Come Up Off That Cash: College Athletes Get a Preliminary Win In Court

Buckle up, NCAA, because they're coming after everything now.

The somewhat-under-the-radar, but outrageously imperative, antitrust lawsuit filed by former NCAA athletes took its most significant stride toward fair revenue sharing to date, when U.S. District Judge Claudia Wilken rejected the NCAA's motion that men's basketball and football players should not be allowed to retroactively add live broadcast revenues into their suit.

The NCAA and its lawyers went after the "procedural grounds" argument. Judge Wilken shut that down. Now, those same lawyers will be required to argue the actual merits of the class-action case on June 20. A jury trial is pending for June 2014.

With live broadcast revenues involved, the antitrust suit filed led by former UCLA All-American forward Ed O'Bannon now has billions of dollars at stake, as rights and fees for live sporting events are worth much more than the rebroadcasted archival footage the former players were initially gunning for. It's been time for Mark Emmert and his organization's lucrative charade to pay up for some time now — unlike their professional counterparts, NCAA athletes do not collectively negotiate a cut of the sizable sums of rights fees TV networks pay to broadcast their talents on the court or field — and that position is just a couple steps away from becoming the sporting world's new reality.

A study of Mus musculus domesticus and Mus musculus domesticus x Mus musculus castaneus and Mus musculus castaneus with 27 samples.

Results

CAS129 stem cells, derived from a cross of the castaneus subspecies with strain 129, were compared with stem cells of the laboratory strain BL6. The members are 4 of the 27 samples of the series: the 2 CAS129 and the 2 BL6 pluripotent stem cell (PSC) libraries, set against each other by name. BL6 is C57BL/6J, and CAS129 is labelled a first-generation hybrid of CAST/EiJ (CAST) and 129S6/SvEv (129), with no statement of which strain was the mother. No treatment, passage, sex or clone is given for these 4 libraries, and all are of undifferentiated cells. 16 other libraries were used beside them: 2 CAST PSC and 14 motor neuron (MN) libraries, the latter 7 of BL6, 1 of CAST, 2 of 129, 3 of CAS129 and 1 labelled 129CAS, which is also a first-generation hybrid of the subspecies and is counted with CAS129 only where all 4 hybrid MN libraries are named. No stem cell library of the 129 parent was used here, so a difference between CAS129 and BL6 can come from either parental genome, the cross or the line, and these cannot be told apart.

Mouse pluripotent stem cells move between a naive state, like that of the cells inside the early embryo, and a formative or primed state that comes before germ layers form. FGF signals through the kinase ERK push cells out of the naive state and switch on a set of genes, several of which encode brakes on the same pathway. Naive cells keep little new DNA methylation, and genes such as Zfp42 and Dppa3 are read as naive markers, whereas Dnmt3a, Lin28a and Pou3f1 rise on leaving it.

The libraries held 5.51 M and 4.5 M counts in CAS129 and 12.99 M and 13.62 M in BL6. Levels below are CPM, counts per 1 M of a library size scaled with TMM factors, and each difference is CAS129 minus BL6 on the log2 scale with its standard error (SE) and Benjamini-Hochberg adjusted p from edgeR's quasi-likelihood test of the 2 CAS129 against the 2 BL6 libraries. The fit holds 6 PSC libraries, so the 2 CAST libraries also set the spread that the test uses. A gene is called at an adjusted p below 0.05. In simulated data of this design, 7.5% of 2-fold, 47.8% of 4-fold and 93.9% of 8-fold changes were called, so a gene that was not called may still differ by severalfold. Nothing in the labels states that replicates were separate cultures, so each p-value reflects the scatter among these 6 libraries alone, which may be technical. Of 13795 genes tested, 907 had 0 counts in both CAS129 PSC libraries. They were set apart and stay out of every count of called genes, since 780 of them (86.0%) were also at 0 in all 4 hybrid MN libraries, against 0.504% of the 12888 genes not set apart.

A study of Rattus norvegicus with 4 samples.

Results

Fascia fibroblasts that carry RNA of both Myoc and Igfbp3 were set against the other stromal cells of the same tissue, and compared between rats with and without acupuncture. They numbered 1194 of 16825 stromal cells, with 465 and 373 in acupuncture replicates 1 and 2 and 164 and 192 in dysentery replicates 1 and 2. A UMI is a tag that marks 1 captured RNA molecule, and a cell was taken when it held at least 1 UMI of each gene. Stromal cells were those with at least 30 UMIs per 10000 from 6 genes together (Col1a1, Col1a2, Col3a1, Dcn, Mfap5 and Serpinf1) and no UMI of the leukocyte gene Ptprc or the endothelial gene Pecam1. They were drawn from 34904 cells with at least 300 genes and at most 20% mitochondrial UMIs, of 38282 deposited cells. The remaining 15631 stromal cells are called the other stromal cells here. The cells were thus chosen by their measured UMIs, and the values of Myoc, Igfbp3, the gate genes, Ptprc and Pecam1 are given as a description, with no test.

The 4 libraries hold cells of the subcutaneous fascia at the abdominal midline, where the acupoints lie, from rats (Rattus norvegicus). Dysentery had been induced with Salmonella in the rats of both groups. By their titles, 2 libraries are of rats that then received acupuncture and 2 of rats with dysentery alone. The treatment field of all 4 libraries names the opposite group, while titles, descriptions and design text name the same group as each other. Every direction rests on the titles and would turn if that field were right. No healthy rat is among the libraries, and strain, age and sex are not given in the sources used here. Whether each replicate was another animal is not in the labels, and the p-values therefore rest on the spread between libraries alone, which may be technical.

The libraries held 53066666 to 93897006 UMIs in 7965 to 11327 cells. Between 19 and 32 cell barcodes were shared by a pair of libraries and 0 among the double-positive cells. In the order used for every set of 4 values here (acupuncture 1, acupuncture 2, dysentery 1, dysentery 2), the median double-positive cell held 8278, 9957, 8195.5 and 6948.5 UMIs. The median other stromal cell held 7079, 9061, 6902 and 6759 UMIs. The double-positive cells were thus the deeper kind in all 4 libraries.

In short, the NCAA's sham of amateurism is treading in dangerous waters. And its profitable economic model is teetering on the ledge of legality.

(The NCAA claimed a "partial victory" in Tuesday's ruling, but that's to be expected, right?)

By failing to treat its men's basketball and football players (athletes in revenue-generating sports) like employees, the NCAA has reached greater and greater economic heights on the vastly under-compensated talents of 18 to 22-year-olds for decades. But one decision in the O'Bannon case could not only rightfully distribute revenue to the labor force the NCAA profits off of, but could also open the flood gates for other commercial and financial restrictions that handcuff collegiate athletes.

Why can't a prominent men's basketball player appear in a commercial?

Why is, say, Texas A&M allowed to keep 100 percent of the profits off all Johnny Manziel merchandise it sells?

These are just a few of the questions facing the NCAA that could bubble to the surface with a favorable ruling in the O'Bannon case. Granted, that ruling is still far off and the NCAA has held up well in the courts previously. But really, there's a legitimate reason the lawsuit has garnered so much support, with even Bill Russell and Oscar Robertson jumping on board as plaintiffs.

Simply put: It's time.

It's time something happened here.

It's time the NCAA paid fair market value for its labor.

It's time someone like Judge Claudia Wilken stepped in and made the right decision.

O'Bannon and the thousands he and his team represent did not win their case by any means on Tuesday, but that potential decision is still up for grabs — and that's a win in its own right.